Cranes loom over the docks, modern day dinosaurs munching on the leftovers of the surrounding houses. Huge presences that dominate a landscape, but yet speak of famine and austerity. These are animals of a bygone day that have lost their purpose and drive, now they tower and rust on the horizon. Ships and boats drift by them, transport dinghies and overnight booze cruises, almost embarrassed to make eye contact.
There is the social reality, that jobs and society have moved away from these monuments of industry; but there they stand, held together through history and creating an aesthetic of their own. These are horizon sculptures that rise from waste ground where once stock and goods were stored. They speak to the sky and to each other, a show for those from afar who use them to negotiate the space between ground and sky.
In this they strive upwards like famous buildings around the world: monuments to religion, to commerce, to art and to civic society - oh, and to entertainment. These great symbols of weight, statements of longevity (however hubristic), and icons of society point to a desire to mediate the natural world, to find our space along the horizon where we can find our place between the higher and lower worlds.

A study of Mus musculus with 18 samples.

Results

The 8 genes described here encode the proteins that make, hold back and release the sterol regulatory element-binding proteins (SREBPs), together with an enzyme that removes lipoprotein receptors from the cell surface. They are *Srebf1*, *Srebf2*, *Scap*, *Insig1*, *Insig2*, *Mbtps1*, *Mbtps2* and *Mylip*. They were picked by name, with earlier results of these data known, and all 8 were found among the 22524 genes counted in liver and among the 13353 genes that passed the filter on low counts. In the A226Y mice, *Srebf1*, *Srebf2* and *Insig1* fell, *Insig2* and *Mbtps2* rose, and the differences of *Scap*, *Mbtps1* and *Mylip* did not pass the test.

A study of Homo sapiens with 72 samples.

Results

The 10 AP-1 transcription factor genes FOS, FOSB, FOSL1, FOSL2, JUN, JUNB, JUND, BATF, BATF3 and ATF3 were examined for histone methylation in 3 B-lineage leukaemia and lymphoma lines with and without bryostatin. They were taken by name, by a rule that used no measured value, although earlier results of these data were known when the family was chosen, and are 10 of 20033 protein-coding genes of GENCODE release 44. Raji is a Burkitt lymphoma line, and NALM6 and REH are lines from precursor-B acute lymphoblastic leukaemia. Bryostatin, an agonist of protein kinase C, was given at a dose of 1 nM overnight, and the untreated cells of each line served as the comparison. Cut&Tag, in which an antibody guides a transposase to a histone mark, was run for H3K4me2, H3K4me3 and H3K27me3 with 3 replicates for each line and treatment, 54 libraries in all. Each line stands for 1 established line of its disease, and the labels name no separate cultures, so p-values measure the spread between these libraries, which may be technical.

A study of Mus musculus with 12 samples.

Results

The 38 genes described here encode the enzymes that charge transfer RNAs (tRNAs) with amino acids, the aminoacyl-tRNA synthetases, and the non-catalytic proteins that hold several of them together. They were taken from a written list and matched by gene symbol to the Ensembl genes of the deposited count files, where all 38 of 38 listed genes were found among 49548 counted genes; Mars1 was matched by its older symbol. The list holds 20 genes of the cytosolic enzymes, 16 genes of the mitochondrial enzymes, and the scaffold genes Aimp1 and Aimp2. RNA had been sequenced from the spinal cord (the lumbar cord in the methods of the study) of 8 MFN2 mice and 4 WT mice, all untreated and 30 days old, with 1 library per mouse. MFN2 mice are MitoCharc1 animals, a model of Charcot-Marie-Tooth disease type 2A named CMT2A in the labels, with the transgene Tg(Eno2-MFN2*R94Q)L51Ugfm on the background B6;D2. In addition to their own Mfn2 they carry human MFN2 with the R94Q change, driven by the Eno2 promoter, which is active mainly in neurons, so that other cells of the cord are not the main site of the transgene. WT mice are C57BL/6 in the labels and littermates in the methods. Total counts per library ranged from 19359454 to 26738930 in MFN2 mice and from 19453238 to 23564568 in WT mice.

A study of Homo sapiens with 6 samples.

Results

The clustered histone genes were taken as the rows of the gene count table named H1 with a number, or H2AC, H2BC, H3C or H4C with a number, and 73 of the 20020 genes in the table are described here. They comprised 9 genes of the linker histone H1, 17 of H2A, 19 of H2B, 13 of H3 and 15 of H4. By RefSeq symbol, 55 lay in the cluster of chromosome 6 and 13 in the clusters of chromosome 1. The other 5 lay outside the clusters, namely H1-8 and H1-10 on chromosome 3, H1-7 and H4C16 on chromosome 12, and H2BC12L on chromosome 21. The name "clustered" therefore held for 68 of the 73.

Here caught between what we cannot reach (or know), and what lies beneath our feet, humanity seeks to shape a world around it, hoping for a step ladder to the unknown, and a platform to avoid wet feet. We are victims of our own insecurity believing, but in place of a vengeful god, we find our own ways to tear down or subvert our efforts. We use slump and war, revolution and re- branding, poverty and fanaticism; through all these we find ways to crack our mirrors and look at the distortions that stare back at us.
These cranes remain as aspirations to build new pathways, to bring people together. They hold their heads up against embarrassed eyes, they had noble purpose, and show it for all to see.